Hue Jackson wants to set the record straight on his time in Cleveland.
During an interview with ESPN 850 on Monday, the former Browns head coach claimed that he was “lied to by ownership and by the executive team.” Jackson, who served as the Bengals’ offensive coordinator before being hired by the Browns in 2016, told the radio station that he was never informed Cleveland would be going into rebuild mode prior to accepting the job. He added that the franchise inaccurately portrayed him as an anti-analytics coach.
“They also lied to try to paint the picture that I was against analytics. I would have never taken the job if that was the case. They told me that this was gonna be a resource to help me win. I sought out understanding of analytics on my own to make sure I was collaborative, but the one thing that stuck with me, is that all this analytical stuff — and people have to understand this — someone has to determine what is valuable and how valuable that information is.”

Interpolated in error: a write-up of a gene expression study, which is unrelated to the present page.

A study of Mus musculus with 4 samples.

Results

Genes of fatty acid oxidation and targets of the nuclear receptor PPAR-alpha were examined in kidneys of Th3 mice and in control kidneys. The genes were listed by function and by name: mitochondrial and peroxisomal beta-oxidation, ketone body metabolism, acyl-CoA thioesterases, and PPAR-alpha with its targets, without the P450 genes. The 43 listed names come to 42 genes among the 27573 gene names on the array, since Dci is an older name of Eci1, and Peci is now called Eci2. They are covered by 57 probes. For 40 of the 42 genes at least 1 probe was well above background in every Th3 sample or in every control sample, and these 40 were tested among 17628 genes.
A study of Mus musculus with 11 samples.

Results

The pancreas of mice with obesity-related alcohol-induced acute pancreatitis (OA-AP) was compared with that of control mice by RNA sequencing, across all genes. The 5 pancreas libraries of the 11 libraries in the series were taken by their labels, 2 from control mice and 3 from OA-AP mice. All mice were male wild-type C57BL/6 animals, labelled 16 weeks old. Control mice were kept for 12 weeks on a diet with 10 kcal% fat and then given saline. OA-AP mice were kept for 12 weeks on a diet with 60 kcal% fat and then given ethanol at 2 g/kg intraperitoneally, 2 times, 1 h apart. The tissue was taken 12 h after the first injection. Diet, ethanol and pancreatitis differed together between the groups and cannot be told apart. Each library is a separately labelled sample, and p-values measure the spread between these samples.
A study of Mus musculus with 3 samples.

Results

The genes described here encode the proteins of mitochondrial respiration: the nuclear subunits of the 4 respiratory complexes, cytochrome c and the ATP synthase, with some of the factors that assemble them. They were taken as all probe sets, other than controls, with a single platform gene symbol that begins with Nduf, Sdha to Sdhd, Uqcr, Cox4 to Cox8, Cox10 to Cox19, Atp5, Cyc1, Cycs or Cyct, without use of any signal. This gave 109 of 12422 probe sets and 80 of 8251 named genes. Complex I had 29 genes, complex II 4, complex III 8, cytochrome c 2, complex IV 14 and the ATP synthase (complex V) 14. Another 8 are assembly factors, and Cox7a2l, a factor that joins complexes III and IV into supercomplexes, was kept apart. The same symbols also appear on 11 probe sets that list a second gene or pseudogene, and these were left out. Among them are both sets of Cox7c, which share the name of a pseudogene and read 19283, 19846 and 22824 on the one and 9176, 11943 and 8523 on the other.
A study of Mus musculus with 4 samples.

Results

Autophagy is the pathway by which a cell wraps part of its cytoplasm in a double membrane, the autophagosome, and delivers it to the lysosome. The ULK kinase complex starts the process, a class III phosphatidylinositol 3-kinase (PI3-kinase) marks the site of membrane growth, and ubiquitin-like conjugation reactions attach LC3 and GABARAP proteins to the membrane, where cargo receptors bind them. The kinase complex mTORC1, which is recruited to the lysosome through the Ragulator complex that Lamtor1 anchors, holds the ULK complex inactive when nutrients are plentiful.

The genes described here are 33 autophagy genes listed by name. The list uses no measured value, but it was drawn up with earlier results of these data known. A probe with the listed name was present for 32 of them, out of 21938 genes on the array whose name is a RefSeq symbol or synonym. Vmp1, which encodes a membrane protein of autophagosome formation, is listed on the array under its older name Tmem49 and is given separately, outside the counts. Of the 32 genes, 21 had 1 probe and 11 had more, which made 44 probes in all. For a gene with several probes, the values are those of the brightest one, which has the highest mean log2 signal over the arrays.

Jackson, who is writing a book about his Browns tenure, finished 3-36-1 over two-plus seasons in Cleveland, including an 0-16 mark in his second year. Jackson said he received a contract extension midway through that disappointing season, but the Browns didn’t want to publicly announce the details of the deal.
He was eventually fired in 2018 after starting 2-5-1 and replaced by interim head coach Gregg Williams. Jackson believes that he was used as the “fall guy” for the Browns’ organizational failures.
“People need to go back and look at those drafts and see where those players are today,” Jackson said. “That should tell you all you need to know. They’re not on this team. They haven’t been. Some of them are not even in the league, yet we were expected to win. You can’t win that way, yet I hear other people saying, ‘Well, everybody knew it was a teardown. This is what they’re gonna do.’ I was never told it was a teardown.”
As for his future, Jackson said he’s “not worried” about whether he gets another coaching job. He wants to share his side of the story because it’s simply about “right and wrong.”